A patient has said she ‘felt sick’ after a tweet of hers was used on the front page of the Metro to scapegoat GPs for a lack of access.
Francine Jury, a health data science manager from Manchester, took to her personal Twitter account last Thursday (16 September), to say that she dialled her GP practice 673 times to get in the queue.
Ms Jury ended her sentiment by describing primary care as ‘broken’.
Today (22 September), the Metro, one of the country’s most widely-circulated free publications, ran its front page with her frustrations splashed across it.
But Ms Jury lambasted the editorial move, feeling that it did not reflect her true concerns and going onto recount feeling ‘sick’ upon catching sight of it.
Writing to the Metro, Ms Jury said she felt her tweet had been ‘exploited’, and that it was ‘entirely unfair’ to ‘make it look like’ she was ‘complaining about’ her GP.
Instead, she stressed that ‘GPs need more financial support’ amid a ‘broken’ system, citing how her GP had to ‘disable the online booking system because they are so overwhelmed’.
Ms Jury, who was making the calls on behalf of her partner rather than herself, would like to see Sajid Javid, who took over as health secretary this summer, ‘take a serious look at primary care’.
Ms Jury, who gave her consent to Pulse to reprint her letter, told the Metro: ‘Whilst the full story provides more balance, it was entirely unfair to make it look like I was complaining about my GP. The system is broken, GPs need more financial support for their practices and flexibility to find creative solutions to meet the needs of their unique patient populations.
‘My GP has had to disable the online booking system because they are so overwhelmed, hence having to make that call. The sad thing is it wasn’t even for me. My partner had tried to get an appointment and given up. When I said I would try on his behalf I made a point of noting the effort.’
She went onto urge health secretary Sajid Javid to ‘take a serious look at primary care’.
‘It is past breaking point and these GPs still work 14-16 hour days in really mentally trying roles, going back into work the next day treating patients with compassion and care and professionalism.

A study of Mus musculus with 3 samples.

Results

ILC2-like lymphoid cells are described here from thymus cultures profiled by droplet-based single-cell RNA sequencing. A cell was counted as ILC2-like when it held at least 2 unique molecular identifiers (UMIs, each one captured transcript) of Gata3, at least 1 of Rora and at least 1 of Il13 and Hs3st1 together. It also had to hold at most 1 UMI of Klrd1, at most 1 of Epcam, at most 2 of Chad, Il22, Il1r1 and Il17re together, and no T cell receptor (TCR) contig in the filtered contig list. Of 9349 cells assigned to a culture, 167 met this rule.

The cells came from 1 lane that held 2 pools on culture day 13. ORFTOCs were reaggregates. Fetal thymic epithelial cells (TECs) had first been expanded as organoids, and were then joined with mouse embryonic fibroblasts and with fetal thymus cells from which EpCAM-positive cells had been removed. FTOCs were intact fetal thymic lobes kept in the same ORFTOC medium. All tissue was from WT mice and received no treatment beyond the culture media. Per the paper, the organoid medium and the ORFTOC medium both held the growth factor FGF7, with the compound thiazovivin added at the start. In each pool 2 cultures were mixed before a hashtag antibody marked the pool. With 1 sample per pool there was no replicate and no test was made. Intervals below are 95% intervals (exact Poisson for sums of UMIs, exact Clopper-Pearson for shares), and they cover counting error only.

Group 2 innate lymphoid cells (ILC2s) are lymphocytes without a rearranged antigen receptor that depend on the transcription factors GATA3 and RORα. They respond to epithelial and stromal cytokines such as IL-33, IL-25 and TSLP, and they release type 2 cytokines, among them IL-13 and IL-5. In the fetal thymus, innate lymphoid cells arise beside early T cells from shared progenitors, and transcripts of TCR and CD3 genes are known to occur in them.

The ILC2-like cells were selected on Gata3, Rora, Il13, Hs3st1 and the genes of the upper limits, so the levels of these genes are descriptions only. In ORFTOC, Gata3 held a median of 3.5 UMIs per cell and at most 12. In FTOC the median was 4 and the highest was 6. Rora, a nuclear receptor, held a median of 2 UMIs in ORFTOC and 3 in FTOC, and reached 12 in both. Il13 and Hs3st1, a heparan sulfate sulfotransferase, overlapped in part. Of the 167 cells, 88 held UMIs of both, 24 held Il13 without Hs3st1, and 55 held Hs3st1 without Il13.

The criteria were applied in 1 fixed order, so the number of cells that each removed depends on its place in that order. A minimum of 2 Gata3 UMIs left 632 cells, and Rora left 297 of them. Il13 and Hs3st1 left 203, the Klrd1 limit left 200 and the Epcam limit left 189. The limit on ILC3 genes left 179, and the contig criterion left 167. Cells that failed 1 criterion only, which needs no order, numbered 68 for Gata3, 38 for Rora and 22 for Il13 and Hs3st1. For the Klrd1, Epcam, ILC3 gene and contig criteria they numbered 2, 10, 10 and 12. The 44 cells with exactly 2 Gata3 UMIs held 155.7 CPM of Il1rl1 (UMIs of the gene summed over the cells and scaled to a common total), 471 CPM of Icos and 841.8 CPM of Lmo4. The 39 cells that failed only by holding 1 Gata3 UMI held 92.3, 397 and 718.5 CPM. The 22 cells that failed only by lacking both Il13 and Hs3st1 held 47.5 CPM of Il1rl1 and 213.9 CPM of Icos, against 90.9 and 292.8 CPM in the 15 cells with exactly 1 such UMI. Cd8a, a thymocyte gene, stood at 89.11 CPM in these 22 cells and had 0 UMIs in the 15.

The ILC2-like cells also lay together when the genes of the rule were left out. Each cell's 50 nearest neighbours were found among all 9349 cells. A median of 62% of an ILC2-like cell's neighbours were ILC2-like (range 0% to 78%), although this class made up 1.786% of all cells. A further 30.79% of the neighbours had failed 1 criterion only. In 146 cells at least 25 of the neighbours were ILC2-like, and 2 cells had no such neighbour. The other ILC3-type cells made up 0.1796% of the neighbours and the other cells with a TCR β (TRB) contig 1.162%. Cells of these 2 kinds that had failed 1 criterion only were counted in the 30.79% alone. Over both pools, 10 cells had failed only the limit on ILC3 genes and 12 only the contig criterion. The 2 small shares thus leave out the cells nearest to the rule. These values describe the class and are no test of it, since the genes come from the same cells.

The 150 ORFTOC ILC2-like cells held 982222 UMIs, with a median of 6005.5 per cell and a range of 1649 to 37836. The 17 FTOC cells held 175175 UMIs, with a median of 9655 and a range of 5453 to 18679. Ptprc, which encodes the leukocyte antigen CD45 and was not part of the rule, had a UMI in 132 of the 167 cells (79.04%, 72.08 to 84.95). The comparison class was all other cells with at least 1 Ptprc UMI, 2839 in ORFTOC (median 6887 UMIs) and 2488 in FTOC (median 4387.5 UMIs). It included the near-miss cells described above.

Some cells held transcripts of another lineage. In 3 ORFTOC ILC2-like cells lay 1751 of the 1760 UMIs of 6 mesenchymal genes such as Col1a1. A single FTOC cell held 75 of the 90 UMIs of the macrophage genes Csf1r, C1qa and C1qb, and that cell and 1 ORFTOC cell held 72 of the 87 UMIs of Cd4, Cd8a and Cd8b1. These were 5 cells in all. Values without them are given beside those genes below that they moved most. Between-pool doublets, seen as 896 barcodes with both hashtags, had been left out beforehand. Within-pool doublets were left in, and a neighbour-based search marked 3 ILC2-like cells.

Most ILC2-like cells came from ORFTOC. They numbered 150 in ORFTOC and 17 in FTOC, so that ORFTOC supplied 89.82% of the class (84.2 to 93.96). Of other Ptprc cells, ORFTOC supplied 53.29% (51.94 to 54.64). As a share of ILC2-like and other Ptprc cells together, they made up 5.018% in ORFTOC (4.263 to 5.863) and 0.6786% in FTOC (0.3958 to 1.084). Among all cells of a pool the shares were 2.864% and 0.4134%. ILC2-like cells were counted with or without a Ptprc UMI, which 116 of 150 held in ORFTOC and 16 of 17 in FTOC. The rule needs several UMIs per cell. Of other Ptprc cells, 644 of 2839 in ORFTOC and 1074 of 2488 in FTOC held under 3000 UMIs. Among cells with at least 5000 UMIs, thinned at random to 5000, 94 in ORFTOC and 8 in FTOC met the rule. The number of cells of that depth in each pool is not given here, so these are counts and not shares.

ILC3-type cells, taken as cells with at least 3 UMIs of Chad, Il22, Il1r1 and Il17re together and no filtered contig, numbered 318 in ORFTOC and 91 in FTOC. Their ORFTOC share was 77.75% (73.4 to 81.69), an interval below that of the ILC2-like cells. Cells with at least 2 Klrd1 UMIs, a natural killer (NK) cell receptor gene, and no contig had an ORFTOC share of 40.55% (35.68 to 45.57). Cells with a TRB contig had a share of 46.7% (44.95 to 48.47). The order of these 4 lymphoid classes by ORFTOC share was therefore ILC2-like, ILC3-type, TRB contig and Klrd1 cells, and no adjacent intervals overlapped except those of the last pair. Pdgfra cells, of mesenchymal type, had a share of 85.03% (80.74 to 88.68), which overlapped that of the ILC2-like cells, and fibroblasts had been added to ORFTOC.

‘No one chooses to be a GP for the money – it takes a really special person to choose that life, and we cannot blame them for leaving in droves putting even more pressure on the system.
‘Jeremy Hunt promised 6,000 more GPs and there are less now than ever. It’s not their fault that patients can’t get through on the phone and they worry about those who cannot as much as those who do.’
She added that the NHS’s ‘incredible staff’ can ‘provide us with a pathway to health but this requires us as patients to listen, understand and work at it’ but questioned how this would be possible without adequate support for primary care and community services.
In a glowing accolade, she told the paper: ‘GPs do so much more than diagnose and treat. They are counsellors, consolers, teachers, investigators, mind readers and they don’t deserve a beating.’
And she concluded: ‘Like an overgrown garden, primary care needs to be re-landscaped to provide the strong and secure structures it needs to support it, weeding to get rid of what is suffocating it and give GPs in collaboration with their patients the choice of what to plant so that they can bloom in their community.’
The Metro piece, which appeared online as well on the front pages frequented by commuters, further incorporated the example of another patient said to have called a Swindon practice ‘390 times to arrange cancer medication for her husband’.